Because of my experience rescuing Lance and writing a book about him, I put together a PowerPoint presentation entitled In Defense of Dogs. I give this presentation wherever I can—libraries, schools, senior centers, YMCAs, etc. I’ve (hopefully) made it part humorous, part educational. In one section of the presentation, I refer to the Jon Katz newspaper interview I recently posted on Lance’s blog. I then go to the following brief description of some scientific testing that has been conducted on dogs:
“In 2013-2014, animal cognition scientists at Emory University in Atlanta, Massachusetts General Hospital in Boston, and also scientists in Hungary all conducted studies on dogs utilizing MRI machines. They used positive reinforcement to train the dogs to remain motionless, no mean feat in itself. The studies focused on an area of the brain called the caudate nucleus where emotions can be measured in both dogs and humans. The results? Hand signals indicating food, smells of familiar people and other dogs, the return of a familiar human and hearing the voice of a familiar person (not just someone who fed the dog) all triggered activity in the dogs’ caudate nucleus. Any hints of their owners took priority over everyone and everything else's smell.
Further objective findings: other domestic animals tend to run when scared/ worried, dogs typically seek out their owner. Dogs are the only non-primate animal to seek eye contact from humans and, like humans and other primates, dogs can distinguish faces. Women's brain activity increases in areas such as emotion, reward, affiliation, visual processing and social interaction when they looked at photos of their own children and pet dogs versus looking at photos of unknown children and dogs. When shown photos of familiar and strange faces, dogs also prefer faces they know. I couldn’t find any similar studies involving men.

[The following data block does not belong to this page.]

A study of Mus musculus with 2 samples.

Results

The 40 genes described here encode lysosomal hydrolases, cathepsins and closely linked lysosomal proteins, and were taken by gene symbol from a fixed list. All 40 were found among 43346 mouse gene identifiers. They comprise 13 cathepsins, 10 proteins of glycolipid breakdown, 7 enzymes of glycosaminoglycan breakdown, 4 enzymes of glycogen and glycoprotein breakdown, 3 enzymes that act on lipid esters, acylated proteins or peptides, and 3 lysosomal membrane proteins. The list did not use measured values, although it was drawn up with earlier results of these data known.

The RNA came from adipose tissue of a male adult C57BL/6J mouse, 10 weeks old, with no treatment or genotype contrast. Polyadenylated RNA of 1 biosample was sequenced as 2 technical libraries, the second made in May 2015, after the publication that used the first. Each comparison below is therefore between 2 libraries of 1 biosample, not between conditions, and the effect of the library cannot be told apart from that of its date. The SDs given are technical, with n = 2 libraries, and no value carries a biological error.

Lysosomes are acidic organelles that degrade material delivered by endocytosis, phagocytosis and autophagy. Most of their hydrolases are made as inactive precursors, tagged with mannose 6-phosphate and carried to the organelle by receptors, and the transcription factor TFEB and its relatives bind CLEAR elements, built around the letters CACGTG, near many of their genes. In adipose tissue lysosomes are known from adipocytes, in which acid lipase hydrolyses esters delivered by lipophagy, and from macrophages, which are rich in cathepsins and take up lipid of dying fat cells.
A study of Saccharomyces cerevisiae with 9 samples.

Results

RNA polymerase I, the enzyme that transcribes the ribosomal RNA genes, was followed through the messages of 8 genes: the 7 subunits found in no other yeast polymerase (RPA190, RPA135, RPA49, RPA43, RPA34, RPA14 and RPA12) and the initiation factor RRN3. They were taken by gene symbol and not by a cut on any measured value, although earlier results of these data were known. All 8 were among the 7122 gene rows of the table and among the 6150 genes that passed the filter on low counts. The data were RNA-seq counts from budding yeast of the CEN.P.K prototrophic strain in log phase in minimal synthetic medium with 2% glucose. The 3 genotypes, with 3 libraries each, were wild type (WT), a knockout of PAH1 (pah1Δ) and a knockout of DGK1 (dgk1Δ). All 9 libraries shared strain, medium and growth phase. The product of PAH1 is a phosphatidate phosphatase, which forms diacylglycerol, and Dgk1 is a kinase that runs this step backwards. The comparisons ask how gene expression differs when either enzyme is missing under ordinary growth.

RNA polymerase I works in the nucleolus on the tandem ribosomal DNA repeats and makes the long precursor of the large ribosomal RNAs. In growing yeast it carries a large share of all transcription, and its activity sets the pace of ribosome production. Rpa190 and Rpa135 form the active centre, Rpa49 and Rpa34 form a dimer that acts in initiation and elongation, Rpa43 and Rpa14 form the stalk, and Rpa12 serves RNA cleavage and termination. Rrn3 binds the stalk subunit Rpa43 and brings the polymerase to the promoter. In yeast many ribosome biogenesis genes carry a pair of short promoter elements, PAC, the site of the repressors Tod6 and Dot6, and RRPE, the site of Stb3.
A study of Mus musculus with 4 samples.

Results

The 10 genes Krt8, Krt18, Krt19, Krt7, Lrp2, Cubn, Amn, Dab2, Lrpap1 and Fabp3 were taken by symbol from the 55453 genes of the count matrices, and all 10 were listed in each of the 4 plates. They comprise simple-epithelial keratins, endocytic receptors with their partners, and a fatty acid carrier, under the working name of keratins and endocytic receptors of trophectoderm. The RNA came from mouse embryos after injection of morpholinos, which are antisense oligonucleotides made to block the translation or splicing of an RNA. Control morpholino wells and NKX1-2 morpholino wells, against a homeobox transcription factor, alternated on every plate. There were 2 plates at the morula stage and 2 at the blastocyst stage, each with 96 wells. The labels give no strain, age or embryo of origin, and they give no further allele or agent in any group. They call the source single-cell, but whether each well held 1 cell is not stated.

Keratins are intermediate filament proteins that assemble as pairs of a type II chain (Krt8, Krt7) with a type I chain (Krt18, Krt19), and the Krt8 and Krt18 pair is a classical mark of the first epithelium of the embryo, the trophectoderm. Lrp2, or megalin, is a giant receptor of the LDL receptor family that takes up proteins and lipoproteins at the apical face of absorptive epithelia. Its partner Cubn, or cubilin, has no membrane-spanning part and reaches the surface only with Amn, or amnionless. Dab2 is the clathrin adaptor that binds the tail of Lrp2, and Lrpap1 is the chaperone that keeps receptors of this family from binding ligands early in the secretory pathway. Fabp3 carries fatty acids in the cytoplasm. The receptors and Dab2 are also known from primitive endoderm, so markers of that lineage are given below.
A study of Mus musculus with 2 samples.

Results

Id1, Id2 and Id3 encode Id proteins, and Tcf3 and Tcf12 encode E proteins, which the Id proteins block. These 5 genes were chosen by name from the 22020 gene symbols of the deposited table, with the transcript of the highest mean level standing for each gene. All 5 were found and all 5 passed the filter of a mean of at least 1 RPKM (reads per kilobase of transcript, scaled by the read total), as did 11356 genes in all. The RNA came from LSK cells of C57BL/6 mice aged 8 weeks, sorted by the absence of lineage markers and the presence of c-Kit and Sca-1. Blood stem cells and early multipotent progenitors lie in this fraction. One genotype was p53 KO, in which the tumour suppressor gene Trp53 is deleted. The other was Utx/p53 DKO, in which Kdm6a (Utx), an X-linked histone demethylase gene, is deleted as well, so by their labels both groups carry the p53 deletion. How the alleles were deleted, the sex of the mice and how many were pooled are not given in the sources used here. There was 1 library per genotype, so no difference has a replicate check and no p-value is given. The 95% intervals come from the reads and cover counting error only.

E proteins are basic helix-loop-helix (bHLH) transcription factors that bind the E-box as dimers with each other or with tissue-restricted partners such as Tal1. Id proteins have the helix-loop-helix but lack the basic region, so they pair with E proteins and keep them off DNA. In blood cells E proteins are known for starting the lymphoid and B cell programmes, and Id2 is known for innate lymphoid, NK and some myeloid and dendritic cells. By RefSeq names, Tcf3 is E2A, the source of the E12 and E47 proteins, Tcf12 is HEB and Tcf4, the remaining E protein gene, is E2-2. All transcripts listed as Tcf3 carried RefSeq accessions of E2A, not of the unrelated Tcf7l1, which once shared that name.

Humans and dogs boost each other's level of oxytocin—the "love hormone" responsible for feelings of affection—with eye to eye contact. It's been said that dogs “hug” with their eyes.”
Here’s a link to an updated report on these test results:
It’s worth looking at just for the photo alone!
In fairness to Mr. Katz, his interview with the Chicago Tribune was conducted a few years before any of these studies had been done.
When writing Lance: A Spirit Unbroken, I did my best to make it clear that I was not in any way, shape or form a dog expert. I have neither training nor college education in any field relating to animals in general or dogs in particular. I do make the claim of being an expert at handling one particular semi-feral border collie named Lance. That skill—and my lack of any professional expertise in things canine—are both on display in Lance: A Spirit Unbroken. In next month’s blog I will offer anecdotal—not scientific—evidence that a dog, even an ornery one like Lance, can indeed love.